Egyptian workers return from Libya after incendiary video

Egypt's official news agency says 23 Egyptian workers who have been recently detained by militias allied with the Tripoli-based government in western Libya have returned home

CAIRO -- Twenty-three Egyptian workers who were recently detained by militias allied with the Tripoli-based government in western Libya and later released arrived home on Thursday, Egypt's official news agency MENA reported.

Meanwhile, the U.S. military renewed its accusations that the Russian government is deploying warplanes to the North African country.

The release and repatriation of the Egyptian workers came on the heels of footage circulated on social media purportedly showing militias linked to the U.N.-supported government humiliating scores of Egyptians captured in the western town of Tarhuna.

Egypt is aligned with the commander of Libya's east-based forces, Khalifa Hifter, who has been fighting the Tripoli-based government and the militias that support it. In April 2019, Hifter's forces launched an assault to take Tripoli.

Egyptian media said the "prompt" repatriation of the workers was the outcome of President Abdel Fattah el-Sissi’s diplomatic efforts. Pictures of the returnees raising Egyptian flags shortly after their arrival at the Salloum crossing near the Libyan border were posted by local media outlets.

“We lived through horror and we felt we could die at any moment,” said an unnamed Egyptian construction worker upon his arrival.

On Monday, a video purportedly showing scores of Egyptian workers being coerced by Tripoli-allied militias to line up in rows and stand on one leg while raising their hands upward, was widely shared online. In the same video, workers are forced to repeat after their captors phrases hailing the military operations of the Tripoli-based government and to insult President el-Sissi and his ally Hifter.

In Egypt, where the videos have sparked widespread outrage, Parliament Speaker Ali Abdel-Aal warned that the government would “determine the time and place of its response.” The U.N. mission in Libya also said the mistreatment runs counter to Libya’s “human rights law obligations on the prohibition of torture, inhumane and degrading treatment or punishment.”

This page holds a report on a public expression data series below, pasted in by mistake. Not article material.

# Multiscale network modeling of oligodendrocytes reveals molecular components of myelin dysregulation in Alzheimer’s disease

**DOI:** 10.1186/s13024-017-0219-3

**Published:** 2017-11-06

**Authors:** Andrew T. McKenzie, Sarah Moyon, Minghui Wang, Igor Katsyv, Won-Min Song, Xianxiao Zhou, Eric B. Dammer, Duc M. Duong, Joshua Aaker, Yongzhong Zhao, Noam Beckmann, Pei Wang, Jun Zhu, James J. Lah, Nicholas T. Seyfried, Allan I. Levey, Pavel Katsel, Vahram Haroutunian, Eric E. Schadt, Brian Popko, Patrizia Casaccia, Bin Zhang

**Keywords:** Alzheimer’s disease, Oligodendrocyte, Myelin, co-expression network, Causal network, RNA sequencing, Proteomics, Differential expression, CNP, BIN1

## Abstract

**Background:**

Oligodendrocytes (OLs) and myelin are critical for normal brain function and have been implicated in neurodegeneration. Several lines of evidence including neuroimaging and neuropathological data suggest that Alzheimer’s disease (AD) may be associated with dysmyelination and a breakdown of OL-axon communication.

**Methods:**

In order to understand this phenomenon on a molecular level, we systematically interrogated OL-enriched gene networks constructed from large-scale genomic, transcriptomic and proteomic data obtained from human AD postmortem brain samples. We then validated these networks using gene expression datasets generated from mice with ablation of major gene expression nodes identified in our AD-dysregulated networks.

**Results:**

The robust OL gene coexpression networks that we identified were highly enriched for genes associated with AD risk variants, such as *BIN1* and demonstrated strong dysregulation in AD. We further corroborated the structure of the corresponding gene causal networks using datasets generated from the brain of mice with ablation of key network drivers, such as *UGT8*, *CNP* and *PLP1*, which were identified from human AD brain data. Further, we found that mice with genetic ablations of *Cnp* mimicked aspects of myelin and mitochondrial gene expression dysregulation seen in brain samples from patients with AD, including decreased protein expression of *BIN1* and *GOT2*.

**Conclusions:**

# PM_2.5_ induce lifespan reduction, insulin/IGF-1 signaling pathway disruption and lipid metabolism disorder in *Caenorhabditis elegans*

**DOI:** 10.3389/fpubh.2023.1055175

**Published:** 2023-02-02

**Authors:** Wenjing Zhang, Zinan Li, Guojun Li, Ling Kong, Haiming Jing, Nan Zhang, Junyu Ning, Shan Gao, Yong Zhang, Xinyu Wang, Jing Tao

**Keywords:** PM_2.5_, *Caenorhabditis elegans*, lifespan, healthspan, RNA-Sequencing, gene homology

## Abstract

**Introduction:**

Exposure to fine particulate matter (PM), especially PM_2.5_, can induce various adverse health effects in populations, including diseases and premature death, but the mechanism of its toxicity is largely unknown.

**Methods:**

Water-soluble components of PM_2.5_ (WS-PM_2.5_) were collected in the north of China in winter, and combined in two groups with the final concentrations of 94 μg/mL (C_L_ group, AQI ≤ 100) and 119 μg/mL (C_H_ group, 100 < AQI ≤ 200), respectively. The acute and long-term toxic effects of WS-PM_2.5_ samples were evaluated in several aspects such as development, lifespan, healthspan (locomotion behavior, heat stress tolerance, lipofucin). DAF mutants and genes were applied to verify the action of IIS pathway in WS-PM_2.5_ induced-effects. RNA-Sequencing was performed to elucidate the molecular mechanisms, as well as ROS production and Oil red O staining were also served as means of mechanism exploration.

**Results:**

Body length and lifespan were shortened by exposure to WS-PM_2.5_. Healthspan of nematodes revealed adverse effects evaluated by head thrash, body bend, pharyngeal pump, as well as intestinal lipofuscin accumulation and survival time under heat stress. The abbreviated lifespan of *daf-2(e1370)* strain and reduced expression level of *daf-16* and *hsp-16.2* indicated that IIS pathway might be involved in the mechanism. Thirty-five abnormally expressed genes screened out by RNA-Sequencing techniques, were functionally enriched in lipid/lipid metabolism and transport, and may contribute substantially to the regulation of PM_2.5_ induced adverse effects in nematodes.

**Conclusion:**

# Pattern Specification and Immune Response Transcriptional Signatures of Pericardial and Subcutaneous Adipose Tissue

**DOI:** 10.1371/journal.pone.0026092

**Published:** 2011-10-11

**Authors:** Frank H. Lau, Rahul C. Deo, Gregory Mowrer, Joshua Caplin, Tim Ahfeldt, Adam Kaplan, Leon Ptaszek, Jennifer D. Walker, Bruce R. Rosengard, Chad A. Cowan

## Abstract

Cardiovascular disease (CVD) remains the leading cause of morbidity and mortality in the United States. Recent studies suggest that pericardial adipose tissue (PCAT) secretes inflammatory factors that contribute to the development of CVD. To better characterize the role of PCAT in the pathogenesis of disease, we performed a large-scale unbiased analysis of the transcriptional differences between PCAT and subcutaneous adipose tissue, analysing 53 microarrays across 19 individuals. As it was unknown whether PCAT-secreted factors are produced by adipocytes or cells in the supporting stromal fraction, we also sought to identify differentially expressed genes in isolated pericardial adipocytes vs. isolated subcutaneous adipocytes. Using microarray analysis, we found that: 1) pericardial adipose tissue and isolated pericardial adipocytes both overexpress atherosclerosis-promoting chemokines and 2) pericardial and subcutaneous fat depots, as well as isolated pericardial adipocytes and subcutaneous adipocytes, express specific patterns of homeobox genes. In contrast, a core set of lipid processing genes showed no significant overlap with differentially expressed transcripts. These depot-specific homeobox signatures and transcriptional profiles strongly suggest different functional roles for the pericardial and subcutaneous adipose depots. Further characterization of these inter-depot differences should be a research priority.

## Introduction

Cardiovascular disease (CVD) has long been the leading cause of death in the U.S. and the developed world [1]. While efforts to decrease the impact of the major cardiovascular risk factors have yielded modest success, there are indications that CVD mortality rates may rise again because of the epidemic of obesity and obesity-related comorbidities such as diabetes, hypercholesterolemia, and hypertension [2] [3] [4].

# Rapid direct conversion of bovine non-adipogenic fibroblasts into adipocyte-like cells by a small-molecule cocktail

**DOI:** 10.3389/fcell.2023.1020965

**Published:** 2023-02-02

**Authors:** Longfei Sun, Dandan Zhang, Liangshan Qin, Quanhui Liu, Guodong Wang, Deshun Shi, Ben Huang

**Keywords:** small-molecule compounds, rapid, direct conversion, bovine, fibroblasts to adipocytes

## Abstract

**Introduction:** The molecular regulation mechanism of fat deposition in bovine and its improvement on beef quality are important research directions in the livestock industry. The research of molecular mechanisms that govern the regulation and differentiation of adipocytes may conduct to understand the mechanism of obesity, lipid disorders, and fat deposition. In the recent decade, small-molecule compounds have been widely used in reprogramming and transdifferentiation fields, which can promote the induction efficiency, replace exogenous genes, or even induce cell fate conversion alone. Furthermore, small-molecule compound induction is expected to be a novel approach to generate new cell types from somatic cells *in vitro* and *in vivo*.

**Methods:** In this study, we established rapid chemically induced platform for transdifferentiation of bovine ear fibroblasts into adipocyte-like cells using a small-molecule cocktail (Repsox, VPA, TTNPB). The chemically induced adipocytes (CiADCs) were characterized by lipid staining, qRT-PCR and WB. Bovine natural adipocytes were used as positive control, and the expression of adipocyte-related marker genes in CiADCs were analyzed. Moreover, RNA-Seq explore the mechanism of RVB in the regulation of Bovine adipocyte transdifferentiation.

On Wednesday, the Interior Ministry of the U.N.-supported government in Tripoli released a statement saying it had arrested the assailants who appeared in the video and was working on prosecuting them.

“Historical Libyan-Egyptian relations cannot be threatened by isolated acts that do not represent the Libyan state or the values of the Libyan people,” read the statement. “The Interior Ministry affirms that it will go after whoever violates rights and laws firmly.”

Since 2015, Libya has been divided between two governments, one in the east and another in the west. For over a year, Egypt has backed the military offensive launched by Hifter to take Tripoli from the rival government. Hifter's march on Tripoli is also supported by Russia, France and the United Arab Emirates.

Earlier this month, Hifter's military campaign was brought to a halt after his rivals seized control of the capital's exit and entry points and chased Hifter's troops out of Tarhuna, his last stronghold in western Libya.

As the town changed hands, both sides faced scrutiny over extensive human rights abuses. The U.N.-supported government announced that dozens of bodies had been uncovered in several mass graves in the city, and accused a Hifter-allied militia of carrying out the killings.

Tens of thousands of Egyptians have sought work in neighboring Libya over the years, although the number has declined since the 2011 uprising that ousted and killed longtime autocrat Moammar Gadhafi.

The recent incendiary footage of Egyptian workers raised concerns that Egypt's armed forces could launch a military operation into neighboring Libya to avenge its citizens.

In 2015, Egypt launched a series of airstrikes on the city of Derna after the Islamic State group released a video showing the apparent beheadings of 21 Egyptian Christians by IS militants. Two years later, Egyptian warplanes targeted the same city following an ambush by another group of Islamic militants that killed nearly 30 Christian pilgrims traveling to a remote monastery near the Egyptian-Libyan border.

The recent defeats suffered by Hifter came after the Turkish government threw its full military backing behind its allies in Tripoli by sending armored drones, air defenses and more recently Syrian militants with links to extremist groups. Russia, meanwhile, has deployed hundreds of mercenaries to boost Hifter’s assault.

The U.S. Africa Command released a statement Thursday accompanied by two photographs, saying it had photographic evidence of Russian aircraft being deployed in Libyan airspace.

The statement claimed one photo showed a Russian aircraft taking off from the desert district of al-Jufra and another showed a Russian fighter plane operating in the vicinity of the coastal city of Sirte. Sirte is where most of the fighting has been taking place since Hifter withdrew from the west. The statement did not specify when the photographs were taken.

“Russia’s sustained involvement in Libya increases the violence and delays a political solution,” said Brig. Gen. Bradford Gering, the Africa Command's director of operations.